Centre plans GST tweaks to boost collections
The lower collections are mainly due to lower gross domestic product (GDP) growth numbers seen recently. As GST is a transaction tax, it is immediately impacted by any decline in economic activity.Updated: Oct 11, 2019 01:48 IST
The government on Thursday appointed a committee to recommend measures to augment Goods and Services Tax (GST) collections, check evasion and make the new regime simpler for ease of compliance that would eventually help in expanding the tax base.
“With the approval of the competent authority, it has been decided that a committee of officers be constituted to suggest measures to augment GST revenue,” an order issued by the GST Council secretariat said.
The GST collection in September fell 2.67% to Rs 91,916 crore compared to the same period last year, driven by the ongoing consumption slowdown. September’s GST collections are the lowest since February 2018. The tax collection in August 2019 was Rs 98,202 crore.
“The committee should consider a wide range of reforms so that a comprehensive list of suggestions may emerge,” the order said.
The committee has also been asked to look into systemic changes, including checks and balances to prevent misuse, it said. One of the terms of reference is for the committee to suggest measures to improve voluntary compliance. Its mandate is also to suggest measures to expand the tax base and to improve compliance monitoring and anti-evasion measures using better data analytics.
The panel has members from both the Centre and states. GST commissioners of Maharashtra, Tamil Nadu, Uttar Pradesh, West Bengal and Punjab are members of the committee. The central government is represented by principal commissioner and joint secretaries, among others.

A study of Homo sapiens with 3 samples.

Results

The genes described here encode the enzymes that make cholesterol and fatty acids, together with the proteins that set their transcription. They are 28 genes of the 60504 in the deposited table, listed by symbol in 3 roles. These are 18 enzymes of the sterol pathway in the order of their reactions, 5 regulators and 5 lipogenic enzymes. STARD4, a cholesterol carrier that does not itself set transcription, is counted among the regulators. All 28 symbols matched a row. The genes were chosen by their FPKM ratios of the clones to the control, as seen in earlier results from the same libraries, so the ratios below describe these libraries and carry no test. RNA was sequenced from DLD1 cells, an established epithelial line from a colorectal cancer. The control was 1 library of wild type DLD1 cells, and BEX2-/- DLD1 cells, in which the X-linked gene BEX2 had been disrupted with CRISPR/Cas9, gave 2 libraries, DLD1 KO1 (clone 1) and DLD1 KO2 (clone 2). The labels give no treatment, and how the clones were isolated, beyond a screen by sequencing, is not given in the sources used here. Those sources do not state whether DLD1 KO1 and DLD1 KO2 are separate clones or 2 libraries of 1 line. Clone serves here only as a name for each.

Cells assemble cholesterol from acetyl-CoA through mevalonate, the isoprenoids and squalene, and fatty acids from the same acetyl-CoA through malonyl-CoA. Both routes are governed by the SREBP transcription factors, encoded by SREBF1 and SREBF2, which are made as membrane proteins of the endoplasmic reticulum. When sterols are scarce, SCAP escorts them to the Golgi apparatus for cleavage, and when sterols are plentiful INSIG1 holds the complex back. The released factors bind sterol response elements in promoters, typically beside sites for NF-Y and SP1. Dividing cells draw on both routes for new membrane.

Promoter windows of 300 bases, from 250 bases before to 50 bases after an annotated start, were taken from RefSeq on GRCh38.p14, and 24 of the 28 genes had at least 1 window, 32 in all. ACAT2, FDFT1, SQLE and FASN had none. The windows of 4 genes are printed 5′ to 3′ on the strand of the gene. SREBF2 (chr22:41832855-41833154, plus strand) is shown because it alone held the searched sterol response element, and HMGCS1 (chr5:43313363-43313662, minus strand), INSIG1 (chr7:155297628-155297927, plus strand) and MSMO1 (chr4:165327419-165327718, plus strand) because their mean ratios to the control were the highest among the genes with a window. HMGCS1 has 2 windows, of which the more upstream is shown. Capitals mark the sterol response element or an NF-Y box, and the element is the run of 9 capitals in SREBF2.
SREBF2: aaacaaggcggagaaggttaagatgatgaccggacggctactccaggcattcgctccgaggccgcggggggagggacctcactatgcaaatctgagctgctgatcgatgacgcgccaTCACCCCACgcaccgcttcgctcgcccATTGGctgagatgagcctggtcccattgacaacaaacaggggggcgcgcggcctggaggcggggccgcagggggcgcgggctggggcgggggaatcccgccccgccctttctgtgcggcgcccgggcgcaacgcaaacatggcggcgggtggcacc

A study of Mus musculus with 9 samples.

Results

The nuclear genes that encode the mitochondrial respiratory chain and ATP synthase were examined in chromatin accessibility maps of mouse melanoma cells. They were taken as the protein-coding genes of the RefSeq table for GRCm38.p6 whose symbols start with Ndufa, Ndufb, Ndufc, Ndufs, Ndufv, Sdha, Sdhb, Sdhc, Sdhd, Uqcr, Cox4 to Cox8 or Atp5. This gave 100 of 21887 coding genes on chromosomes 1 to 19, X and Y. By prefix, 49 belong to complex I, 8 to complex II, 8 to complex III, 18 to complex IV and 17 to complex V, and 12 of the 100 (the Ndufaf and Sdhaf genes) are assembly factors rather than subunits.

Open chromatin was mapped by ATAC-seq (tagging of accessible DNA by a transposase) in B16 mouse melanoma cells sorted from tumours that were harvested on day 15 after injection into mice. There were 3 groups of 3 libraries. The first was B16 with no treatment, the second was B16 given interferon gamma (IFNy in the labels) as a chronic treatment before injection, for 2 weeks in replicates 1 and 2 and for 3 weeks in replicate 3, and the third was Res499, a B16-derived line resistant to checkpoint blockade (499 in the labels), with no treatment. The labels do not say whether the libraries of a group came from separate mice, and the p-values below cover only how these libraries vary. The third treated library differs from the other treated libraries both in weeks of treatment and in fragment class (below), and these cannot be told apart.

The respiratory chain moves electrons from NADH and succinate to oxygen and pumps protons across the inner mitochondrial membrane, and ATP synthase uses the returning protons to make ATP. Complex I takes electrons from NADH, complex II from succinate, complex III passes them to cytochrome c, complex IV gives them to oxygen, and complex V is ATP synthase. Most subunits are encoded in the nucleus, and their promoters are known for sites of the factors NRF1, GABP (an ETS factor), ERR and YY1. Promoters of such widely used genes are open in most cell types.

“The committee shall submit its first report within 15 days to the GST Council secretariat,” the order said.
According to a government official familiar with the matter, the recommendations of the committee would be processed expeditiously so that it could be discussed at the next council meeting in November and implemented soon after. The decision to review rules and regulations pertaining to GST was felt after revenue collections dropped to a 19-month low last month, the official said, requesting anonymity.
Experts cited the economic slowdown as the reason for falling GST collections. The lower collections are mainly due to lower gross domestic product (GDP) growth numbers seen recently. As GST is a transaction tax, it is immediately impacted by any decline in economic activity, experts said. India’s annual GDP growth in the quarter ended June 2019 was 5%, the lowest in 25 quarters. It also marked the fifth consecutive quarter of slowing growth in the Indian economy.
“The government needs to focus on a consolidated rate rationalisation. The piecemeal rationalisation process over the last couple of years has resulted in more than six tax slabs,” Mekhla Anand, partner, Cyril Amarchand Mangaldas, said. “Additionally, aspects such as eligibility of input tax credit, export mechanisms and anti-profiteering need to be reviewed conceptually so as to ensure ease of business. On the procedural front, the data requirements as well as the interface for filing returns requires tremendous simplification to ensure a greater degree of compliance.”